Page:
This Is Why Vinegar Never Expires

Vinegar has been around pretty much forever. According to Wormersley Foods, very small amounts of this acidic liquid were found in Egyptian urns that date back to 3000 B.C. It was known as the "poor man's wine" and drunk by Roman soldiers. Fast-forward to the present day, and we still use vinegar in a myriad of ways.

What exactly is vinegar? The Vinegar Institute says that vinegar is defined as a sour liquid that is made from "acetic fermentation." Vinegar's etymology, per Cook'n, is rooted in French, coming from the phrase "vin aigre," which means "sour wine." There are many different kinds of vinegar, each using a different fermented liquid as its base resulting in some of our favorites – rice vinegar, apple cider vinegar, red wine vinegar, champagne vinegar, and the list goes on. From cooking to cleaning to germinating seeds, vinegar is exceptionally useful. But did you know that vinegar never goes bad? You read that correctly. There are some pantry staples that are absolutely perfect to keep on hand if there is ever a zombie apocalypse, and vinegar is one of them. Vinegar basically doesn't expire and here's why.

Vinegar is self-preserving

Fermentation creates vinegar's staying power, and it is said to have an almost indefinite shelf life because its acidity makes it self-preserving. In fact, per the site Eat by Datevinegar is used as a preservative to keep other foods, like pickles and peppers, ready to eat (though not indefinitely). But the site also notes that substances that can have been added to vinegar may impact whether it should still be used over time. So while white distilled vinegar - which is made with water and corn ripened by the sun – won't be touched by the hands of time, certain kinds of vinegar that have flavors added to them might be worth replacing after half a decade or 10 years because the flavor may have degraded.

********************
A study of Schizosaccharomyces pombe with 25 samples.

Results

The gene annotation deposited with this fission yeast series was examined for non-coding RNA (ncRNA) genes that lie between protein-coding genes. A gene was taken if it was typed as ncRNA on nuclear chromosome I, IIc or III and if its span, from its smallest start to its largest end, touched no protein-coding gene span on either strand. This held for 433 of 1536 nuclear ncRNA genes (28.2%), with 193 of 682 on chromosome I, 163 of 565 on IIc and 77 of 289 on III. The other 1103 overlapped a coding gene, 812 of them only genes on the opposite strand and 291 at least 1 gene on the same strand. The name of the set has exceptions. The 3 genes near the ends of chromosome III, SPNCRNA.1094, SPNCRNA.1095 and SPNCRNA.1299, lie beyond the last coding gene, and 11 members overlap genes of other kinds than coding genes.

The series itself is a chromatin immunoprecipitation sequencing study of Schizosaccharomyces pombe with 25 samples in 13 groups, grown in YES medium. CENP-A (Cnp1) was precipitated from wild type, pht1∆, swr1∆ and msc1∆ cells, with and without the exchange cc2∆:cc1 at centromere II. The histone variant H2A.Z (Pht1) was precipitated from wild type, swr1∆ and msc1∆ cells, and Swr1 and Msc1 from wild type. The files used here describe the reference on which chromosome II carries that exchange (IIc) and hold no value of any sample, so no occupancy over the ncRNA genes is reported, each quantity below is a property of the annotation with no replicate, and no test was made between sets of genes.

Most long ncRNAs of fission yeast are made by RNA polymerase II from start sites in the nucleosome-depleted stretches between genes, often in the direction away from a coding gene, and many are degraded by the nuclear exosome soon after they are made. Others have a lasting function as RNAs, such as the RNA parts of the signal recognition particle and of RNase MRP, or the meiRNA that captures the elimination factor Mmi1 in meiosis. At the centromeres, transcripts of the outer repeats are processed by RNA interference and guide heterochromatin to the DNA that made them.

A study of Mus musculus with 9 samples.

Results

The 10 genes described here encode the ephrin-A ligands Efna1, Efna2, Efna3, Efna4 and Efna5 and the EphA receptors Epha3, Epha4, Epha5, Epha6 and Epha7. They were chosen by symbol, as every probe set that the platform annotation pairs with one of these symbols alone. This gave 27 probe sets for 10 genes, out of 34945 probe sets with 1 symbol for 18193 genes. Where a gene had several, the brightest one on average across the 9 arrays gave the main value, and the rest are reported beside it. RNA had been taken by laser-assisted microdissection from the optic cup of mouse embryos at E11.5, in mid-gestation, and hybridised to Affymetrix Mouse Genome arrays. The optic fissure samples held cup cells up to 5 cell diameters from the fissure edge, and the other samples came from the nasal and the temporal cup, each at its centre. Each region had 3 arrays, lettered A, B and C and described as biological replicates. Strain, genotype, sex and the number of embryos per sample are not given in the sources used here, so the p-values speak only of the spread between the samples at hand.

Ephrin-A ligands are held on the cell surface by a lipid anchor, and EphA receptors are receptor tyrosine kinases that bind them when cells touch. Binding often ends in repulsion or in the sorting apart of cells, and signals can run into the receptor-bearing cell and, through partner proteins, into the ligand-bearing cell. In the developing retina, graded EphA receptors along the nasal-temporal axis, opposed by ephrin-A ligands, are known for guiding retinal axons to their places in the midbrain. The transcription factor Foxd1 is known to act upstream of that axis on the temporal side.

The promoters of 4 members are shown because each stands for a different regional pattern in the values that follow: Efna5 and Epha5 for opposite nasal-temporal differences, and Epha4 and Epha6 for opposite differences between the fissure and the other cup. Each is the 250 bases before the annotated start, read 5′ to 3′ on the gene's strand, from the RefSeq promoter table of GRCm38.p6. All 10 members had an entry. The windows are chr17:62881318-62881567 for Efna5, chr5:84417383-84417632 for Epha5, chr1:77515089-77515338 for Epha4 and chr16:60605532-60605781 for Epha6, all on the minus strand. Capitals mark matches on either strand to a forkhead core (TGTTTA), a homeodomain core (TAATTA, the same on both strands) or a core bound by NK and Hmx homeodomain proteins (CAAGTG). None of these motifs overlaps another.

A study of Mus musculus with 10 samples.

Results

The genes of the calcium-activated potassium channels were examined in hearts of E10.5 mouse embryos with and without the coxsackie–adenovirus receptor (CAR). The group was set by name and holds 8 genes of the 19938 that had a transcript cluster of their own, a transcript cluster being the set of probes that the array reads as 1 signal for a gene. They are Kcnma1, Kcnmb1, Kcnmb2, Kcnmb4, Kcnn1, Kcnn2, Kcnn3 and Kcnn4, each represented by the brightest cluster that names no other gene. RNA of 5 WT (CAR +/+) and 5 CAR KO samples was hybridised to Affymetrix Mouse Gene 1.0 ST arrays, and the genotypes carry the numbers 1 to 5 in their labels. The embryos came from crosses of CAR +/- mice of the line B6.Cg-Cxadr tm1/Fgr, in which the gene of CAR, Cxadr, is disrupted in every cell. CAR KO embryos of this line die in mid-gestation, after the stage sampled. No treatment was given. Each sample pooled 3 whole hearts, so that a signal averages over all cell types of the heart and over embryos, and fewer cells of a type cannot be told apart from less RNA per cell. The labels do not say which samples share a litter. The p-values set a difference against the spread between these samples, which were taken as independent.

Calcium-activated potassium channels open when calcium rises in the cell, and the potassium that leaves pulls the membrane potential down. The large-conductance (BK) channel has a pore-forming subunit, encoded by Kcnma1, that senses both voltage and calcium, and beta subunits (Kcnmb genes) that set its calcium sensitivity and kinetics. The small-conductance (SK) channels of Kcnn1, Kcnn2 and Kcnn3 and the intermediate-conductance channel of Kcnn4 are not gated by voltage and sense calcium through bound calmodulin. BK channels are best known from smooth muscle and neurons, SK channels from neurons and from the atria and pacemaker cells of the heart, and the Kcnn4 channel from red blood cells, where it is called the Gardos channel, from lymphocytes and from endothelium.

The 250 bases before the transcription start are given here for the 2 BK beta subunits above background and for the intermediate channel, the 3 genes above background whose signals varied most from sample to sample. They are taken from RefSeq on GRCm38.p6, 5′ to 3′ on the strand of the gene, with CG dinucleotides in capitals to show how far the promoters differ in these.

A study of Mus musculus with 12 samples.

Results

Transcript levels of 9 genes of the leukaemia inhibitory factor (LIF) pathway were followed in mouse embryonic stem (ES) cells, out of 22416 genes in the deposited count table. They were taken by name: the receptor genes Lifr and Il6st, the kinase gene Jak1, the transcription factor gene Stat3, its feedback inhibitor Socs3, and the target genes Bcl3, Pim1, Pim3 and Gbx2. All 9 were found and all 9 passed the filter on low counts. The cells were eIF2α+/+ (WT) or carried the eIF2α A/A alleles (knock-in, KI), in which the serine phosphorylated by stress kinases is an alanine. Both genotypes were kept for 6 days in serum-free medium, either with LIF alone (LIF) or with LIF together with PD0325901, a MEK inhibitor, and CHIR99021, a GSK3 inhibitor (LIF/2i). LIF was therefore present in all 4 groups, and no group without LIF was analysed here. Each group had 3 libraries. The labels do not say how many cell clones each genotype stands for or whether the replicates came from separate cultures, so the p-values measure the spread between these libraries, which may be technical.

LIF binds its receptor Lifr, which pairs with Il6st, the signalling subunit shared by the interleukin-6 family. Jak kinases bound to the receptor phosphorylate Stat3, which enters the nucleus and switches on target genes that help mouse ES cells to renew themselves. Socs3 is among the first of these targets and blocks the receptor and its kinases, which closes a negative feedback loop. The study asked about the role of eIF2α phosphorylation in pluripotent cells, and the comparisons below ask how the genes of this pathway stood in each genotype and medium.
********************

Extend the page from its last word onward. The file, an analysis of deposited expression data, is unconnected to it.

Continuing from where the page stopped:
What is the proper way to store vinegar? First, keep it away from heat and someplace where it can maintain a fairly constant temperature. Additionally, store your vinegar in its original bottle or jar with the cap tightly on, in a dark cabinet. If you happen to notice that your older bottles of vinegar have a hazy appearance at the bottom, that should not be of too much concern. It is not considered harmful, but the vinegar might not have the same taste depending on what was added to it. Keep in mind that vinegar in food is only as good as the food's shelf life.